Ka Lok Chan, Wai Man Vivien Mak, Yat Hung Tam and Harold Kwok Kuen Lee

Abstract


Patient blood management was developed to reduce allogeneic blood exposure and enhance patient outcomes. If transfusion is required in stable and non-bleeding hospitalized patients, prescribing one unit of red blood cells (RBC) followed by reassessment of clinical condition is recommended. Double-unit RBC transfusion, the routine practice in the past, is still widely practiced despite the advocate of restrictive transfusion strategy. One of the reasons could be a lack of evidence to support the optimal number of RBC units per transfusion. Blood transfusion is often performed to alleviate anemic symptoms. However, patient-reported outcomes were seldom measured to evaluate transfusion requirements.

Method

This was a single-center prospective study conducted during Mar to Jun 2016 in the medical department of a regional hospital of Hong Kong. Day-care and hospitalized patients requiring RBC transfusion were recruited. Patients with active bleeding or unstable hemodynamics were excluded. Subjects' demographics, recent transfusion history, comorbidities, transfusion trigger and the number of RBC units transfused were obtained. Patient-reported outcomes were measured on the day of transfusion (Day 0), and on Day 1 and 7 post-transfusion. Two health-related quality of life (HRQOL) instruments, i.e. Short-form 12 version 2 (SF12v2) and Functional Assessment of Cancer Therapy Anemia Subscale (FACT-AnS) in traditional Chinese, were administered to measure the general health status and anemic symptoms respectively. Physical Component Summary (PCS) and Mental Component Summary (MCS) scores were then derived from SF12v2. The number of RBC units transfused in one week and post-transfusion hemoglobin (Hb) level were evaluated. Linear regressions were performed to study the relationship between the changes in PCS, MCS and FACT-AnS on Day 1 and Day 7 from Day 0 with the number of RBC units transfused. Factors associated with the number of RBC units transfused were controlled. Other predictors of the changes in HRQOL were included in the regression analysis.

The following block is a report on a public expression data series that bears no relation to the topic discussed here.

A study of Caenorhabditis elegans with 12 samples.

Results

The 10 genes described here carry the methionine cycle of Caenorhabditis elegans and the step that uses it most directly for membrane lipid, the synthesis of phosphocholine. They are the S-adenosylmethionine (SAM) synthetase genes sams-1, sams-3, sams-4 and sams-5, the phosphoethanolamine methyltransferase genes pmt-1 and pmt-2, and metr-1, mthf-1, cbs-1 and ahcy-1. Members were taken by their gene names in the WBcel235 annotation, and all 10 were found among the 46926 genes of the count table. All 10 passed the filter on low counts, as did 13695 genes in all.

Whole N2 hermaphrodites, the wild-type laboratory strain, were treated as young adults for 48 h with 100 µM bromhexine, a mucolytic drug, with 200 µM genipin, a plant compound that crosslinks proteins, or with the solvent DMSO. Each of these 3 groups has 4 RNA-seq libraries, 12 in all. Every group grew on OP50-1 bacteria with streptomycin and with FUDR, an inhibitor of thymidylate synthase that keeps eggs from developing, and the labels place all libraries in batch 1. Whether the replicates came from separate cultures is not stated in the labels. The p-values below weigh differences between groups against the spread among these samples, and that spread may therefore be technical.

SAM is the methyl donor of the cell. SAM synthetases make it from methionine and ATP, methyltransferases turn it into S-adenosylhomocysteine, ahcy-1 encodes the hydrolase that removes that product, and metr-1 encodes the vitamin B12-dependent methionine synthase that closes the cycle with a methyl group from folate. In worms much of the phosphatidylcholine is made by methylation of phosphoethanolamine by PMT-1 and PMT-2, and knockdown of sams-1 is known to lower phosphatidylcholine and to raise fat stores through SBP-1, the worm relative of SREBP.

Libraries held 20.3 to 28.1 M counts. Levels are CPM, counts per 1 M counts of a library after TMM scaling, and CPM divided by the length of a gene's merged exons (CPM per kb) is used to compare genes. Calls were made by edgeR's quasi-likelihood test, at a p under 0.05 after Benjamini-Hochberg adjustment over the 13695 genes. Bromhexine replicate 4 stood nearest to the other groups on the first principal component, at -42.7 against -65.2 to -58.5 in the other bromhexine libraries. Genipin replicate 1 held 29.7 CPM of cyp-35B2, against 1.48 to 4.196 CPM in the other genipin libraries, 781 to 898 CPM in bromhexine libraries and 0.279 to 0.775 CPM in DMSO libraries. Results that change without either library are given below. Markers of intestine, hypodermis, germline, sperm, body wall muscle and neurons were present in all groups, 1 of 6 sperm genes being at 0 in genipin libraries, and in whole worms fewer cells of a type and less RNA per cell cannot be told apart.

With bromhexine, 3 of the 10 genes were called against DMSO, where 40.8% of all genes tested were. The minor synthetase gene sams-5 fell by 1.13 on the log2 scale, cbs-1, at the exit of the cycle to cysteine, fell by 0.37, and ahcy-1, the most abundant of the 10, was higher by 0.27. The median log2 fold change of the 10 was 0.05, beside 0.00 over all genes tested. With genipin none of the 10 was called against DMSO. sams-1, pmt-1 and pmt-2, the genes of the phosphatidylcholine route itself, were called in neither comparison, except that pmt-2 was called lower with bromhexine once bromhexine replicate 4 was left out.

Results

34 day-care and 67 hospitalized patients were recruited with HRQOL surveys completed on Day 0. The surveys were completed by 97 patients on Day 1 and 78 patients on Day 7. Forty-seven patients (47%), who were transfused with 2 or more units of RBC, were classified as double-unit group. The median transfusion trigger was 7.6 [IQR 7.0 - 7.9] g/dL in the single-unit group and 7.0 [IQR 6.2 - 7.8] g/dL in the double-unit group (p < 0.05). There was a trend of higher Charlson's Comorbidity Index (CCI) (p = 0.09) in the single-unit group. Baseline PCS, MCS and FACT-AnS scores on Day 0 were comparable in both groups (p = 0.35, 0.45 and 0.15 respectively).

The changes in HRQOL of all subjects were summarized in Table 1. FACIT-AnS improved after transfusion but the effect size was small (Cohen's d < 0.5). There was improvement of PCS on Day 7. The change of MCS was non-significant.

The mean number of transfused RBC in one week was 0.7 units less in the single-unit group (p < 0.001). The post-transfusion Hb level was 0.9g/dL (95% CI: 0.3, 1.6) and 1.1g/dL (95% CI: 0.2, 1.9) higher in the double-unit group on Day 1 and Day 7 respectively.

Having controlled for transfusion trigger, CCI and RBC transfused during Day 1 to Day 7, the changes in HRQOL were not associated with the number of RBC units transfused (Table 2). Day-care patients had greater improvement in HRQOL on Day 1 but not on Day 7. The improvement of HRQOL in those having worse baseline scores was more significant. RBC use in the past 7 days was not associated with the change in patient-reported outcomes.

Conclusion

Double-unit RBC transfusion was frequently performed, especially in patients with a lower Hb level. Blood transfusion could improve anemic symptoms but the effect on general health status was insignificant during early follow-up. The average number of RBC units transfused in one week was 28% less in the single-unit group. Post-transfusion Hb level was higher after double-unit transfusion, but there was no evidence it led to more significant improvement in patient-reported outcomes. Day-care patients had earlier improvement in HRQOL but the effect disappeared after one week. Patients with worse symptom score at baseline had greater improvement in HRQOL. It is proposed that the practice of single-unit RBC transfusion is appropriate in terms of alleviating anemic symptoms and reducing overall blood use.

Disclosures No relevant conflicts of interest to declare.

  • * Asterisk with author names denotes non-ASH members.